Television stations should

  • understand that excessive broadcast of disaster damage has an adverse impact on some people with disabilities; that footage of disaster damage always needs a geographic context; and that disabled viewers (both inside and outside the disaster area) need more information about specifically what they should do.
  • comply with the FCC rule requiring (since January 1996) that broadcasted disaster information include open captions.
  • voice all broadcast displays of telephone numbers, the names of streets and geographical areas affected, and other displayed information.

Radio and television stations should
  • provide information specifically related to disabled people in general, as well as information pertinent to particular disability groups.
  • clarify whether warnings about not drinking contaminated water also apply to service animals used by disabled people.
  • inquire, before broadcasting announcements about disaster services for senior citizens, if disabled people are also eligible for the services.
  • produce some public service announcements pertinent to people with disabilities in advance of a disaster and periodically review them for continued validity.

Companies that have airborne blimps with message boards should work with the County ADA coordinator in order to publicize major disability information resources and to provide other disability related information as feasible. (This form of communication is effective for people with hearing impairments, and is reassuring for everyone.)

The County Sheriff's Emergency Broadcast System announcements should include brief notices about major sources of disability related information, as well as TDD telephone numbers that can be passed on to hearing impaired persons.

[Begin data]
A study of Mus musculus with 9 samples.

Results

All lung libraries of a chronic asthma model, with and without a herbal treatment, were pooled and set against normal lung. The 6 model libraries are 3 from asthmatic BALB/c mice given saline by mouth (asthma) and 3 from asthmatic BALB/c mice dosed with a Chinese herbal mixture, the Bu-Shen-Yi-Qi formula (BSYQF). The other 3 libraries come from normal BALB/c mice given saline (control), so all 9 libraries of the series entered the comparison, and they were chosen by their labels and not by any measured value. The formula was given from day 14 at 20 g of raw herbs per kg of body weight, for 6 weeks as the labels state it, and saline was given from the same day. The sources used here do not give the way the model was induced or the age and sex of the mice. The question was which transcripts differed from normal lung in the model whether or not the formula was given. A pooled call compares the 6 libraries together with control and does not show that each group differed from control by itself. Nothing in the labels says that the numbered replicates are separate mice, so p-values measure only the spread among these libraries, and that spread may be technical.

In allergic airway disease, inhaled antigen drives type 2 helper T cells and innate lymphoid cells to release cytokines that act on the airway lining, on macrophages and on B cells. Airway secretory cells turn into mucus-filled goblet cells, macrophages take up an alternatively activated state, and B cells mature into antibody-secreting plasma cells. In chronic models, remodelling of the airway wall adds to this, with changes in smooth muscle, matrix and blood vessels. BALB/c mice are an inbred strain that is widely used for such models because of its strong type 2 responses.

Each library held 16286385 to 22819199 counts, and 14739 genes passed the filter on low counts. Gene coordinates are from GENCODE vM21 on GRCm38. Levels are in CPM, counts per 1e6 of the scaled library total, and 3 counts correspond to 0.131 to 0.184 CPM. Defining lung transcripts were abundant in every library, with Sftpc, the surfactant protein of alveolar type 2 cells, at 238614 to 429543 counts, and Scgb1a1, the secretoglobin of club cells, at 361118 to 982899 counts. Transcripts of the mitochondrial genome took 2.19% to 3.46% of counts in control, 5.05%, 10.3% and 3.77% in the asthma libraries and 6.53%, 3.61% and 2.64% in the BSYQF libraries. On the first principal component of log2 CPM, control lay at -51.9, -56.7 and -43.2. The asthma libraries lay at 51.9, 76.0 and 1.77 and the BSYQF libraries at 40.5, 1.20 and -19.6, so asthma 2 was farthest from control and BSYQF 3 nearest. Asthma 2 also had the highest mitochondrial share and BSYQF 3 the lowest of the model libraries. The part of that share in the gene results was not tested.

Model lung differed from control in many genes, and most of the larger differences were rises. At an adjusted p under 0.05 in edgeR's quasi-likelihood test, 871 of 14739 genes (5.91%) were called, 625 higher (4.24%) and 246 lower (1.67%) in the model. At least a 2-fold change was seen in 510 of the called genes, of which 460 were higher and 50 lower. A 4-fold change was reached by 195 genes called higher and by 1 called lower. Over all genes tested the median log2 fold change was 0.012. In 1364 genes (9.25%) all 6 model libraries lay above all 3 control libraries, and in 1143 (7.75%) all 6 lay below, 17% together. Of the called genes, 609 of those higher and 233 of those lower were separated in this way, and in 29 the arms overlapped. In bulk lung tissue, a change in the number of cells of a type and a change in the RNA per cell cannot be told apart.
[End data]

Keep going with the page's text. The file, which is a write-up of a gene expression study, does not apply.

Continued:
The County Info Line (a telephone information service) should consult with County staff and increase Info Line holdings of information on disability disaster resources, and make greater efforts to publicize the availability of this information in advance of a disaster.

The "People Guide" published by the Interfaith Hunger Coalition immediately after a disaster should include information about the accessibility of food distribution sites and alternative means by which disabled people can obtain food.

Telephone companies should consult with the County ADA coordinator in order to add information about disaster resources, preparedness, and response pertinent to people with disabilities to the white pages of telephone books.

Telephone companies establish an 800-number voice information system for blind and reading impaired people to hear the white pages disaster information; and the system should have an option for listening to response and recovery information following a disaster.

Agencies with information on disaster preparation and response on videos should add captioning for hearing impaired people and audio description for visually impaired people.

The County should urge major distributors of such videos to only market videos with captioning and audio description.